The Museum's noteworthy photography collection contains works by photographers such as Eugène Atget, Paul Caponigro, Jan Groover, Ralph Eugene Meatyard, Cindy Sherman, Aaron Siskind, Edward Steichen, and Garry Winogrand. It was decidedly enriched by the 1993 Robert C. May Bequest, which added important photographs by internationally-prominent photographers such as Berenice Abbott, Ansel Adams, Brassaï, Robert Frank, John Pfahl, and Paul Strand in addition to May's archive of more than 800 of his own photographs. Of special note is an important archive of more than 500 photographs by Doris Ulmann. The Robert C. May Photography Endowment Fund supports the purchase of works by, according to the wishes of the donor, "photographers known on a national level." Acquisitions have included: works by Farm Security Administration photographers Marion Post Wolcott and Arthur Rothstein; examples of "street photography" by Helen Levitt, Louis Faurer, Max Yavno, and Weegee; diaristic works by Danny Lyon and Larry Clark; vintage modernist works by Harry Callahan, Harold Edgerton, and Arthur Siegel; and works by contemporary photographers Lynn Geesaman, Lauren Greenfield, Keith Carter, Robert and Shana ParkeHarrison, and Peter Brown.
700 West Main Street Louisville, Kentucky - KY40202
A new idea Troubled by development encroaching upon rural Kentucky’s farmlands, preservationists and contemporary art collectors Laura Lee Brown and Steve Wilson sought to reverse the trend toward suburban sprawl by making a considerable contribution toward revitalization efforts in their hometown. Pairing this desire with a second of their passions, to make contemporary art a part of more peoples’ daily lives, the couple embarked on a journey to create both an economic driver for the community and an oasis where art challenges and amuses, stimulates conversation and provokes new ideas.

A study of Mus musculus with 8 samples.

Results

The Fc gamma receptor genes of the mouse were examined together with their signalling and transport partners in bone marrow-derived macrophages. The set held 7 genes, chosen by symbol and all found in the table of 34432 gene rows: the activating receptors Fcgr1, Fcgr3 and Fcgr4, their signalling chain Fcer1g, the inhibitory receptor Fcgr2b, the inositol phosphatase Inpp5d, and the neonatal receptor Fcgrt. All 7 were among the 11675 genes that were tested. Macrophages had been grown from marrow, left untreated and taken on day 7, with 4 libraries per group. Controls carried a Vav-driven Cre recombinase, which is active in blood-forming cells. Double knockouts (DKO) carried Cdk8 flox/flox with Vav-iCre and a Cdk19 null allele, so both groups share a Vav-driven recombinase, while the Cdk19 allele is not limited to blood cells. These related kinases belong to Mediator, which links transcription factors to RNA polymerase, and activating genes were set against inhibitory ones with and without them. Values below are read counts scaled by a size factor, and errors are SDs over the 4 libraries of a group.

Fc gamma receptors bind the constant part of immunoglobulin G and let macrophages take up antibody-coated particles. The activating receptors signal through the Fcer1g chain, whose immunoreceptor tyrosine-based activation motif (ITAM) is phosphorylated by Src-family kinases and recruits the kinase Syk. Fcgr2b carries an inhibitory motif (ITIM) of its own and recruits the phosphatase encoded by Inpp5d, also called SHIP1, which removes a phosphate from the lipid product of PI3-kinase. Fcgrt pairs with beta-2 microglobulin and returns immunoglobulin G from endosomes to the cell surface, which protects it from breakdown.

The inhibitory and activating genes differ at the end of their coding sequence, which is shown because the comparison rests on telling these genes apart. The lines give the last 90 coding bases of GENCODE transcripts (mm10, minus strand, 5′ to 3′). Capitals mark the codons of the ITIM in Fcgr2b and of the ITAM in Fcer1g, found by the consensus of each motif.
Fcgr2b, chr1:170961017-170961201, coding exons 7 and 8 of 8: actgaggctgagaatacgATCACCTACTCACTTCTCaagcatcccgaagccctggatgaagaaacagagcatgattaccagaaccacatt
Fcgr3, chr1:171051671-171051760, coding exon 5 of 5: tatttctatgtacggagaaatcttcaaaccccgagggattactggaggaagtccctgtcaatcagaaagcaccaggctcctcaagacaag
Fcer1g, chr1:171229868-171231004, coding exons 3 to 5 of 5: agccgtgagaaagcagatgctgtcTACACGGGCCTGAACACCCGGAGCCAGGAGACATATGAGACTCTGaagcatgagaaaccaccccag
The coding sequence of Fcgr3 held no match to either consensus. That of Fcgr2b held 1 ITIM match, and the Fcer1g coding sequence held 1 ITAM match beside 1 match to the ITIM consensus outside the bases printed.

Ideas into action The pair partnered with world-renowned architect Deborah Berke to reimagine and rehabilitate a series of 19th century tobacco and Bourbon warehouses along downtown Louisville’s West Main Street into a boutique hotel and a contemporary art museum. Could art and commerce coexist in harmony? Brown and Wilson trusted their intuition and sought to test their theory.
In 2006 they opened 21c Museum Hotel Louisville. Much more than just a place to spend the night, 21c is an innovative union of genuine Southern hospitality, thoughtful design, and culinary creativity — all anchored by world-class contemporary art by today’s emerging and internationally acclaimed artists (hence the name, paying homage to the 21st century).
The growing collection includes artifacts, costumes, paintings, drawings, photographs, documents, oral histories and vernacular objects such as: cobblers tools, cooking utensils, quilts, amusement park prizes, opera glasses, chimney pots and various architectural details, business ledgers and advertisements, bottles and crocks, a collection of beer paraphernalia, and handmade cast nets for fishing and net making tools. The collection is informed by a body of research.